The Austrian Business Cycle: Part 2

What would happen then, if interest rates did not represent the actual amount of savings available for borrowers? If this were the case, then in a situation where interest rates are low, borrowers will seek out more loans than the actual stock of real savings would otherwise sustain. This, in turn, would lead to a situation where firm and general investment is being fed incorrect information from the relevant price signals. What happens next is commonly referred to by Austrians as malinvestment.

Prolonged malinvestment in a given economy over time will lead to a bubble economy, where the production of goods, services, and expansion of projects and capital by firms accelerates. However, due to the unsustainable nature of this bubble, stemming from a lack of real savings and a disconnect between the relevant factors of the economy and the interest rates for the loans borrowers are taking out, the good times inevitably draw to a close, and a subsequent bust brings the economy crashing down back to more appropriate levels. Given enough events, this phenomenon becomes known as the business cycle.

The Austrian analysis of business cycles identifies a systemic cause for the disequilibrium that throws an economy out of sync, unlike Keynes’ seeming postulation that investors are inherently irrational. In this framework, investors can act completely rationally by following the relevant price signals (in this case, interest rates), and still commit malinvestment. The key issue for the Austrian economist is the faulty price signal. It would be prudent, therefore, to identify what exactly causes interest rates to decouple from the actual information of the economy.

In order for interest rates to be manipulated in the way previously described, there has to be a tampering of the money supply. As we know, money supply increases lead to decreases in the nominal interest rate, while decreases in the money supply lead to increases in the nominal interest rate. Therefore, to know the cause of the business cycle, we have to identify processes that artificially increase the money supply, since this would mean that there is more money in the economy (and savings) than there would otherwise be.

Luckily, it is not very hard to find out what causes these artificial money increases. All it takes is a thorough look at banking practices to identify pertinent issues. The system of fractional reserve banking is defined as a banking system where the loans set out on the market of a particular bank exceed the reserves of hard cash that the bank holds. Therefore, if all (or a relevant amount of) the customers of a fractionally reserving bank were to ask for a withdrawal of their deposits, they would be left in the dust, since there would not be enough reserves to cover the withdrawal demands.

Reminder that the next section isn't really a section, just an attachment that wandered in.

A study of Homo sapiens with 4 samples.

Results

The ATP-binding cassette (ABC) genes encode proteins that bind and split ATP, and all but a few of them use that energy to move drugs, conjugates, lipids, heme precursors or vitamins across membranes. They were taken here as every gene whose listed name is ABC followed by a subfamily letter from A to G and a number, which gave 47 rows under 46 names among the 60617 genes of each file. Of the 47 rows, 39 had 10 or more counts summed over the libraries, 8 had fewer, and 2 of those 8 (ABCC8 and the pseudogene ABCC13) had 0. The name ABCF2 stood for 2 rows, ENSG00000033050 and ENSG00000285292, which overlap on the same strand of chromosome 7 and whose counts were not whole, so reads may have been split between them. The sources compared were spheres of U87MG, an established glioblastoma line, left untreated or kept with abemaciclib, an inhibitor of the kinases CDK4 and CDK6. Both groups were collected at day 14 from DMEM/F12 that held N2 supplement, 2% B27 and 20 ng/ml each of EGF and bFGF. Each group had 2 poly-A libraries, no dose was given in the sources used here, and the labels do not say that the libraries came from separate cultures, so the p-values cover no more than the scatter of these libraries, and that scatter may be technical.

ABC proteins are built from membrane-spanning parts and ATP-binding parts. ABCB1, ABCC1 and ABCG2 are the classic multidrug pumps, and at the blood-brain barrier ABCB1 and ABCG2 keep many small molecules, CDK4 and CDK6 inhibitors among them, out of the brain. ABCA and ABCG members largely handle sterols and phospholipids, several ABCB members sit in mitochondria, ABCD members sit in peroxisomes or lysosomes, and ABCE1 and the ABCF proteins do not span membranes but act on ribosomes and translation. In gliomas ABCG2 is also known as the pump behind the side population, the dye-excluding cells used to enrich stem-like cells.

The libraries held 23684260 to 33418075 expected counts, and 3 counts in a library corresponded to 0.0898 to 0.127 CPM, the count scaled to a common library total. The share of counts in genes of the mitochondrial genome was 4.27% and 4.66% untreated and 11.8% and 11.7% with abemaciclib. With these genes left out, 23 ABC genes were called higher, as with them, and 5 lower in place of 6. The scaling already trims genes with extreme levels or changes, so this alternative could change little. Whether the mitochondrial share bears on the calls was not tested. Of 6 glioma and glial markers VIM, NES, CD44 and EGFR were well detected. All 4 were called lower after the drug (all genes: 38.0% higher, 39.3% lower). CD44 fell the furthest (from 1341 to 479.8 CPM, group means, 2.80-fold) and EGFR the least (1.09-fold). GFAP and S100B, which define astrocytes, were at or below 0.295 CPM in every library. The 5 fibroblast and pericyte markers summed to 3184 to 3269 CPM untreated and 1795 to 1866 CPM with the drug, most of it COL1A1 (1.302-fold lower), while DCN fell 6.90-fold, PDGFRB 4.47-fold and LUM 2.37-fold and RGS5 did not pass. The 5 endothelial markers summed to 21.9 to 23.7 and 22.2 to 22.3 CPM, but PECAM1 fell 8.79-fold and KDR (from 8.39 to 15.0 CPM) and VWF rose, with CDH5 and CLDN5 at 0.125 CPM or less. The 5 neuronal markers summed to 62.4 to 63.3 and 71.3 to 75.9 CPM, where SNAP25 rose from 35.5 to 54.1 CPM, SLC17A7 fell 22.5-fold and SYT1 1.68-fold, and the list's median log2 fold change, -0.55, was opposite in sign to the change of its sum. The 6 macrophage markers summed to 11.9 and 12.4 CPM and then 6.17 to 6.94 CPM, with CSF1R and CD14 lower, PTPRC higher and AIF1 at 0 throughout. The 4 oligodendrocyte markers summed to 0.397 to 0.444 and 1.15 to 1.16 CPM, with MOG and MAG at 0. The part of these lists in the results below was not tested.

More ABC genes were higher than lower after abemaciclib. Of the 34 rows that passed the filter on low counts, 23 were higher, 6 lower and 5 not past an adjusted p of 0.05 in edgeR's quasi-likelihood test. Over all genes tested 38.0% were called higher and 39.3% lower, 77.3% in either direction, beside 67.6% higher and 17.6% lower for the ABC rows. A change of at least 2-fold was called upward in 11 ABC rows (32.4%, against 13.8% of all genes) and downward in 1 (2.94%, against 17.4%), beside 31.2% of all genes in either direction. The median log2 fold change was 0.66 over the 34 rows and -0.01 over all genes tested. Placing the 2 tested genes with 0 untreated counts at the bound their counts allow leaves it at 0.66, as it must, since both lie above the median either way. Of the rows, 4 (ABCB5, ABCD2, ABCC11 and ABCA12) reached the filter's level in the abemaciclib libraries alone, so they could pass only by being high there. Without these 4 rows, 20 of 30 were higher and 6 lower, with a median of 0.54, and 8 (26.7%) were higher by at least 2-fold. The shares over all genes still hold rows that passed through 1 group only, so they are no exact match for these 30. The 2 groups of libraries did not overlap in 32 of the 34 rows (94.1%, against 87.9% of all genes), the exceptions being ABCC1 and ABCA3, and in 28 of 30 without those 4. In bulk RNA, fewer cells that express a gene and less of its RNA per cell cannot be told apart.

If banks are loaning out more money than what they have in reserves, it is not hard to see the effect that this will have on the supply of money, and subsequently, the interest rate. The lent money will be partially placed back in a bank’s reserves, which will then use those reserves to loan out more money, etc. This phenomenon is known as the money multiplier effect. One of the unintended consequences, however, is that the supply of money increases and the interest rates begin to reflect more than just the amount of real savings consumers have set aside for investment.

Say’s law, as referred to back in part 1 of this series, becomes all the more important, since an incorrect understanding of how the economy works can lead to incorrect prescriptions. Keynes believed that spending drives the economy, and in order to deal with the bust section of the business cycle, it is necessary to increase spending, by any means necessary. One of the ways spending can be increased is through fiscal policy, or in layman terms, printing more money.

As we know from before, it is precisely the artificial increase in the money supply that causes the business cycle, and therefore the plague cannot be the cure. With this being the case, it becomes clear that it is not mere spending that drives the economy, but rather production as Say postulated so many years ago. Until more people can wake up to this stark reality, our politicians and economists will continue to fight fire with fire, and the world will grow increasingly hostile to the concept of markets, falsely equating state intervention and the failures that follow from it, with freedom.